I finally managed to catch a recording of Bush’s speech on Iraq in front of the Army War College, and while it was good, it lacked the kind of fire I was hoping for. Bush did a good job of showing that he had a plan for Iraq, and the violence of a few will not be allowed to derail that plan. He needed to do this, but he could have done it better. For instance, I would have invited some Iraqi bloggers to tell their story to the American people directly. The media won’t dare show a pro-American Iraqi, so Bush needed to do it.
Bush also needed to remind the world that the WMDs that provided his primary causus belli have indeed begun to be unearthed. He needed to show the world images of that sarin shell and tell the world that it represents only a small fraction of what Saddam failed to disclose to the UN as the world demanded of him. The absence of this crucial element is odd. Even if the shell represents a leftover from shortly before or after the Gulf War, it is crucial to point out that the four gallons of sarin found in Iraq would be enough to kill tens of thousands. His case was stronger than anyone thought – he needed to hit this point and hit it hard.
Bush needed to show us what is going right in Iraq, not just tell us. He needed to issue a real challenge to the media by doing an end-run around it and taking our case to the American people. He needed to tell us the stories the media didn’t. This is a speech that could have used the power of his September 20, 2001 speech or David Frum’s 2002 State of the Union. Bush isn’t the world’s best orator (far from it), but he can speak in a way that shows his force of character and his determination. He showed some of that, but we need to see more.
Granted, Bush sounded competent and in control, which he needed to do, but this is a speech that needed real fire. He did hit why we’re fighting, but I would have said something like this: In this war, we face the choice of fighting terrorism at home or fighting terrorism at its roots. Simply attacking al-Qaeda is not enough. Unless we change the conditions that spawned this form of terrorism, another will grow in its place. This simple line would have shown why a democratic Iraq is so important. Iraq is the keystone to this war, and if we can make Iraq even somewhat democratic we will be cutting off terrorism at the roots. Bush needs to tell the world that a democratic Iraq is what al-Qaeda fears most — because that is what will drain the swamp of terrorism.
On the other hand, the last few sections of the speech were brilliant, and I think there is a very important idea here:
Our actions, too, are guided by a vision. We believe that freedom can advance and change lives in the greater Middle East, as it has advanced and changed lives in Asia, and Latin America, and Eastern Europe, and Africa. We believe it is a tragedy of history that in the Middle East — which gave the world great gifts of law and science and faith — so many have been held back by lawless tyranny and fanaticism. We believe that when all Middle Eastern peoples are finally allowed to live and think and work and worship as free men and women, they will reclaim the greatness of their own heritage. And when that day comes, the bitterness and burning hatreds that feed terrorism will fade and die away. America and all the world will be safer when hope has returned to the Middle East.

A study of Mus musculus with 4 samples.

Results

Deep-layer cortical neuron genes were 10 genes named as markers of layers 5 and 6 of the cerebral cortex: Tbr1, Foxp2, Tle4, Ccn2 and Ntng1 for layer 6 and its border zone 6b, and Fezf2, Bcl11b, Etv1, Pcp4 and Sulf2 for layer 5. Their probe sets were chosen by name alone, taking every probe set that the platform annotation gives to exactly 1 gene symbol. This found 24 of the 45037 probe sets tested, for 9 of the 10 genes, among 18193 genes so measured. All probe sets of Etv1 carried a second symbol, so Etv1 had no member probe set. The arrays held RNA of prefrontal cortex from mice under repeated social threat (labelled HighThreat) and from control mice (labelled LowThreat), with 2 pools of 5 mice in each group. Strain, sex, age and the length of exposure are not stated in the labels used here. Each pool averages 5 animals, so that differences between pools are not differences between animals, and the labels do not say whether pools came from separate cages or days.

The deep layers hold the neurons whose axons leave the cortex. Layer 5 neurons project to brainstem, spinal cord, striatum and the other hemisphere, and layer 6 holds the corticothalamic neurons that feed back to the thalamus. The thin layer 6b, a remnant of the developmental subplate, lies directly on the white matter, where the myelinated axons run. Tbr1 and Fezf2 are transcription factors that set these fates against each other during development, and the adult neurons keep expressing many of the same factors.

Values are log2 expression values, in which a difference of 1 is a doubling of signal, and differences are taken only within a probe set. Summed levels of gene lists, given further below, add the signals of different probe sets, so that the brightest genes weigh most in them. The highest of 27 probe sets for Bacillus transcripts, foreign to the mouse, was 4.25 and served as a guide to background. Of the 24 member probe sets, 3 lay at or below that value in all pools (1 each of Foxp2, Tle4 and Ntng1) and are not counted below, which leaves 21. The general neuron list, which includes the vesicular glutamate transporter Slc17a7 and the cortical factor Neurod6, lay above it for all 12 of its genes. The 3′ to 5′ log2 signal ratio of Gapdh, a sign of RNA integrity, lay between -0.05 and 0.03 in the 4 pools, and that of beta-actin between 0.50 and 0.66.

These two visions — one of tyranny and murder, the other of liberty and life — clashed in Afghanistan. And thanks to brave U.S. and coalition forces and to Afghan patriots, the nightmare of the Taliban is over, and that nation is coming to life again. These two visions have now met in Iraq, and are contending for the future of that country. The failure of freedom would only mark the beginning of peril and violence. But, my fellow Americans, we will not fail. We will persevere, and defeat this enemy, and hold this hard-won ground for the realm of liberty.
The people of the Middle East need to hear this message, and we need to broadcast it 24 hours a day 7 days a week, every single day of the year. The problems of the Middle East aren’t caused by Israel, America, or any other external force. They are caused by the leaders who have embraced autocracy and corruption. The most important message we can send to the Middle East is that the path to strength is through democracy. The Arab culture is a culture based on honor and dishonor. We need to show that the Arab people can empower themselves. This is exactly what Abu Mus’ab al-Zarqawi fears the most. Once the Arab people realize that they have the power to unshackle themselves from the bonds of autocratic rule no power in heaven or earth can stop the inevitable rise of democracy.
Bush’s speech hit these points, but he needs to hit them constantly. He needs to take his case to the people and make it clear what we’re sacrificing blood and treasure to achieve. Despite all the anti-American voices that want to argue that this country is no better than the Ba’athists, the American people instinctively know that democracies don’t send terrorists out to destroy buildings or blow up subways. If there is one thing that approaches a truism in world politics it is that peace and democratization are innately linked.
Bush is only beginning to make his case. He needs to continue to make that case, and make that case with strength and determination. If Bush sticks to his gun, events will very likely decide in his failure. By the time of Election Day, the situation in Iraq will either be much better, in which case Bush will be reelected, or the US will blink and Iraq will spiral into chaos, in which case Kerry will turn Iraq into Vietnam politically even if the insurgents cannot militarily. We cannot afford this, and Bush needs to continue to remind the world why at every junction.